10 Steps to Winning an Argument with Your 3 year old

There’s a reason three-year-olds can drive parents batty. And yet, no one prepares you for the #threenager stage, do they? We are here to help!

3 year old argument

10 Steps to Winning an Argument with your 3 year old!

Step 1: Do you really want to do this? Do you think you can do this?
No offense, but if you are having to search this topic I worry about your abilities to follow through. I mean you obviously have hesitated and the opportunity is probably gone. You have lost the upper hand. Still, read the tips and retain them for the next “episode.” However, chances are you have already lost this one.

Step 2: Look in the mirror
Take a second look at that poor sap in the mirror. Are there blood shot eyes? Nose clean? Make-up out of place? If so do a quick fix-up. 3 year olds are vicious and they will go for any perceived weakness to change the subject. “You have cracks in your eyes”. “What is that black on your face?” All familiar derailing techniques. Do not give him/her the opening.

Step 3: Deep breath
This is going to be worse before it gets better. I’m here for you. Take solace in that. Not too much solace because I can’t actually “win” this for you, but maybe level “yellow” solace in a sliding rainbow scale.

Step 4: Verify that you are, in fact, disagreeing
I cannot tell you how many times I have argued with my 3 year old only to find out that we were actually in agreement. Embarrassing for all involved (though admittedly she doesn’t really show any signs that it bothers her.) For example: she says “turn up” the radio, but I want it turned down. We bicker than I turn it down further and she says “See, that better- I say turn it up.” At this point I could turn it into a disagreement about how she needs volume control instructions, but it’s better for both of us to feel like it’s a win.

[bctt tweet=”When all else fails, make up a rap song! #threenager #survivingbattles #moms”]

Step 5: Be the bigger person
Both figuratively and literally. I touched on this above when I said I made like Elsa and ‘Let It Go’ when I came to the volume. Additionally, don’t slouch. Tower over the child. Assert dominance. Wait a second. That’s called being a pack leader of a wolf pack. Maybe literally is not as important.

Step 6: Prepare for Tears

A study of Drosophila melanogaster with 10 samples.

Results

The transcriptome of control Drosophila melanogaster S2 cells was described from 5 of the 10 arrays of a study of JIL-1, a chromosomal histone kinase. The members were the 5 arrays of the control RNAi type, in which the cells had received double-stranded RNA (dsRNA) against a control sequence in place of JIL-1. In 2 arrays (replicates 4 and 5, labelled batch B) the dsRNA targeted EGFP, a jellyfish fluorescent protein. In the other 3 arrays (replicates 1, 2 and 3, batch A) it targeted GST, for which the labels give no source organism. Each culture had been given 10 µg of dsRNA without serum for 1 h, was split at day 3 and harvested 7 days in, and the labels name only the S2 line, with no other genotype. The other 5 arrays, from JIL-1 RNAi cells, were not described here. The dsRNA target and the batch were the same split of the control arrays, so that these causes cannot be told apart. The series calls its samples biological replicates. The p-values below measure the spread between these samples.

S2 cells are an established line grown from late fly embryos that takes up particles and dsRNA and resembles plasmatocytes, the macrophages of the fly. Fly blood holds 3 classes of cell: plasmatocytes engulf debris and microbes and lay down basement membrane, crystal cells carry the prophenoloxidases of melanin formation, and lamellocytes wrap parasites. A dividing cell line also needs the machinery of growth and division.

Have Kleenexes on hand. We hope this is for the three year old when they finally feel the soul crushing feeling of being wrong. The realization that his/her parents are totally amazing for looking out for him/her best interests all along. The other thing that could occur (not to scare you, but you should be prepared-just in case) you could have a small weepy breakdown from answering “why” for the 15 bazillionith time. Chances are small, but I need to be honest with my readership.

Step 7: Powerpoint presentation
3 year olds are visual. You can’t just talky, talky at them. They want to see pictures. It can be vacation pictures or graphs. Doesn’t matter really, just have a presentation available.

Step 8: Make up a rap song
Have the child beat box for back up. Bonus points if you comment below with said rap song. Keep the swearing to a minimum… or not – your kid, your choice.

Step 9: Enlist backup
I find favorite stuffed animals are great for backing me up in arguments. “I’m Princess Sparkle Rainbow Bear and I support the message brought to you by your mommy.” Practice throwing your voice before trying it in case it’s above your current station. Ventriloquism is a skill you should have though, so even if you aren’t good yet- practice up. It is only a matter of time before the skill will come in handy outside of parenting. Dark allies, doctor offices, and funerals to name a few situations.

Step 10: Make faces and move on
Redirect. Tell them I’m the mom and button down the hatches. Did you really think that you were going to win an argument with a 3 year old? In my limited experience they never admit defeat. Keep that innocence, though and stay sweet.

We’d love to hear your strategies for dealing with an unruly three-year-old. God bless ’em.